George H. Nash has chronicled the goals and ideals of the American Right for nearly 50 years.
Josef Pieper: Prophet of Pietas
Conservatism has no shortage of indictments—both accurate and insightful—against the contemporary West. Our elevation of individual rights to the detriment of social obligations has vitiated our pursuit of the common good. Shallow emotivism, sophistry, and manipulative rhetoric are undermining our tradition of disinterested intellectual inquiry, and are silencing all those who oppose the new order. Global technological totalitarianism is profiting the secularist, technocratic elite at the expense of everyone else.
Between 1965 and 1973, the German Catholic philosopher Josef Pieper wrote a remarkably prescient set of essays—recently republished together as The Weight of Belief—that identified these threats to the West’s survival. To confront these challenges, Pieper calls us to return to the virtue of pietas: the humble acceptance and performance of one’s obligations to society and to God.
Rights and Obligations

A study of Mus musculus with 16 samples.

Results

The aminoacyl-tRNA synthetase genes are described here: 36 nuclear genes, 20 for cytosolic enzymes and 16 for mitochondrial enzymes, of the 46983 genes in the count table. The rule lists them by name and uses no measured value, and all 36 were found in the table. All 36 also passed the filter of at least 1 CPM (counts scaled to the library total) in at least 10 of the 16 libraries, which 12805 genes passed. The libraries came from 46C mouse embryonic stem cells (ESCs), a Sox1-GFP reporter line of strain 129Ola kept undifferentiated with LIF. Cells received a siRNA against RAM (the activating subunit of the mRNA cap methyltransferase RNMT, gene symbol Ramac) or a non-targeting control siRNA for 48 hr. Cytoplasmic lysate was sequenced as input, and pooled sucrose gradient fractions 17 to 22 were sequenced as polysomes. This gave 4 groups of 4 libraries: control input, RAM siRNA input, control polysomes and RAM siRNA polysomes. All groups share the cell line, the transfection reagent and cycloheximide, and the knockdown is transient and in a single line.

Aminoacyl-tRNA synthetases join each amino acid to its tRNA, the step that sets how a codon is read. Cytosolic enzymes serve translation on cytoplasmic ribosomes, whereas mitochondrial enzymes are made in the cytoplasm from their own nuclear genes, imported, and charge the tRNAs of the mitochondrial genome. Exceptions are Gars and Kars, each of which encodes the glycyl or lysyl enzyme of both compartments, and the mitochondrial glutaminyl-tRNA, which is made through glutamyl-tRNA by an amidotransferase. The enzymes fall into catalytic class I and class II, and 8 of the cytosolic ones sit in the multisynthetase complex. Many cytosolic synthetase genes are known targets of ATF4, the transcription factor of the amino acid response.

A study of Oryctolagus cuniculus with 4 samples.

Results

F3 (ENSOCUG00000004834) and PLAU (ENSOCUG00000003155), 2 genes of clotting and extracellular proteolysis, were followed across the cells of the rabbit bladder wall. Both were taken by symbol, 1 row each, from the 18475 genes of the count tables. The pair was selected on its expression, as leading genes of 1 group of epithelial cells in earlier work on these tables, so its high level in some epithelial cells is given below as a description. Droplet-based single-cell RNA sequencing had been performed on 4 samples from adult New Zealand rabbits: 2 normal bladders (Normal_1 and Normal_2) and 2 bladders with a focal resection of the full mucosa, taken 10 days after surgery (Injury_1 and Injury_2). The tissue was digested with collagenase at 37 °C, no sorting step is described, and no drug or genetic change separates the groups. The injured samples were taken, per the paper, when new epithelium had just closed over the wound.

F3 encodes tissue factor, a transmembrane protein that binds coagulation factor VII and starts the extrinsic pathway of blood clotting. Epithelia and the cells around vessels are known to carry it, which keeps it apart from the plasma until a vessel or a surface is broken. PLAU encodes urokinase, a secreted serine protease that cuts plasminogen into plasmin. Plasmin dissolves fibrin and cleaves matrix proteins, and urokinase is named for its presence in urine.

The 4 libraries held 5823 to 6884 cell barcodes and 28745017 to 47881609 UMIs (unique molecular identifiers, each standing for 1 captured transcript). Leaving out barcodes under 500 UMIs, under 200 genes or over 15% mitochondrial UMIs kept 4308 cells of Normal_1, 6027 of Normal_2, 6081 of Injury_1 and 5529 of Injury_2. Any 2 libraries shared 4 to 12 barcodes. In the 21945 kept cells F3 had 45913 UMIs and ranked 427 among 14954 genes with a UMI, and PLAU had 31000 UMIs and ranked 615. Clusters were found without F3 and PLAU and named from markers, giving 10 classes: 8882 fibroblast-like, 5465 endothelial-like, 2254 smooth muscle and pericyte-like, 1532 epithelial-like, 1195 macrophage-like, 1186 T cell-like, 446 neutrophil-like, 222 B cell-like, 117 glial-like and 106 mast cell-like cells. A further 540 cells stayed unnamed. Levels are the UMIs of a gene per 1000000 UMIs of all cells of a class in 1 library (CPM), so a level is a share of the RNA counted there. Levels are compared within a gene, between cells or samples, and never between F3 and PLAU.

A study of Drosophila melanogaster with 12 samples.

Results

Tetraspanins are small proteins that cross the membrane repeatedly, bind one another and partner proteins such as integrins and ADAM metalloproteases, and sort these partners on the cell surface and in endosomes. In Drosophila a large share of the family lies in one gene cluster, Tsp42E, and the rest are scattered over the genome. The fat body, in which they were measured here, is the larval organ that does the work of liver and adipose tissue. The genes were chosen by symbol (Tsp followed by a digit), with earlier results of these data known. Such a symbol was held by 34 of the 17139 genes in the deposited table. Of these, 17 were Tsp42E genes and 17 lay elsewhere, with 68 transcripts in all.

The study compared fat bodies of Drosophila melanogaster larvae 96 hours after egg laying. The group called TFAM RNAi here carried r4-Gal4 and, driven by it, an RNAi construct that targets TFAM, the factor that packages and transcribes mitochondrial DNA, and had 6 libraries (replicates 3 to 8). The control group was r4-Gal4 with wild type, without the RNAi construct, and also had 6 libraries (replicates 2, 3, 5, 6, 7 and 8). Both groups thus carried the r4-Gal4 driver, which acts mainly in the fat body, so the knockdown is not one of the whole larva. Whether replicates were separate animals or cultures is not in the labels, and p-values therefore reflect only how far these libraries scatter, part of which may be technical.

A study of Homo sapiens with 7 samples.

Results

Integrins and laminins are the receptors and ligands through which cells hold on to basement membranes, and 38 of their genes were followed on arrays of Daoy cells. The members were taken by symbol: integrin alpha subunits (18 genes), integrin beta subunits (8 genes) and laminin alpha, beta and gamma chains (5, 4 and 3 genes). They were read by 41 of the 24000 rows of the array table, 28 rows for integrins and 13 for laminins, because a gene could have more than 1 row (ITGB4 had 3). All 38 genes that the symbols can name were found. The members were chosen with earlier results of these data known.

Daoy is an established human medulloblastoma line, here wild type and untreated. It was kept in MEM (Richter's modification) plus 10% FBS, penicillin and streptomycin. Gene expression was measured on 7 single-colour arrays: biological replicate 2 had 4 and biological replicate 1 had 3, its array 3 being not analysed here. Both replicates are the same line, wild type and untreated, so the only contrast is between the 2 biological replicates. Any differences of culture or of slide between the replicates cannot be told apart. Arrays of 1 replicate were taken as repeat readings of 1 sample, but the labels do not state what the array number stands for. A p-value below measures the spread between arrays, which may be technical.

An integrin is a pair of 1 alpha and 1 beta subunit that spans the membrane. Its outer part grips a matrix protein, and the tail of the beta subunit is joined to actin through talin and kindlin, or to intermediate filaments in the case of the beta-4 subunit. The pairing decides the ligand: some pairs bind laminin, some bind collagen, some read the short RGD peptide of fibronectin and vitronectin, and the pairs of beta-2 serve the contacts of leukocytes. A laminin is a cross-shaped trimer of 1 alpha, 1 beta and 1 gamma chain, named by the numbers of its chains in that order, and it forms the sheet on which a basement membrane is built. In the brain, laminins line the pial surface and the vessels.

Pieper presents the classical understanding of pietas in opposition to the modern, libertarian conception of how individuals relate in society. Pre-modern philosophers, from Aristotle and Cicero to Augustine and Aquinas, understood justice first through the prism of obligations: the duties one has to othersrather than the rights that are one’s own. As Socrates asserts in Plato’s dialogues, “He who commits an injustice is worse off than he who suffers injustice.”
This is not to say that one ought not also to demand one’s own rights, but only that to assert one’s rights is essentially a defensive mode of human society, while to start from obligation is audacious, aggressive, and realistic. It is audacious and aggressive because it expects more of the individual; it is realistic because, if people first consider what they owe others, their neighbor’s well-being follows more reliably than in a society grounded only on rights.
This shift moves society’s conversation away from the divisive debate over individual rights to a much broader, unifying project of determining what is due to man. This dialogue must assume that man is created by God, the ultimate authority—a truth attested not only in the West, but also in the East. The Chinese Mandate of Heaven, for example, rested on the famous aphorism, “Heaven loves the people, and the rule must obey Heaven.” When man turns his eyes heavenward, he quickly recognizes his need to give the Creator His due. The ancients responded to this primal insight with sacrifice, a token attempt to level the score with Heaven.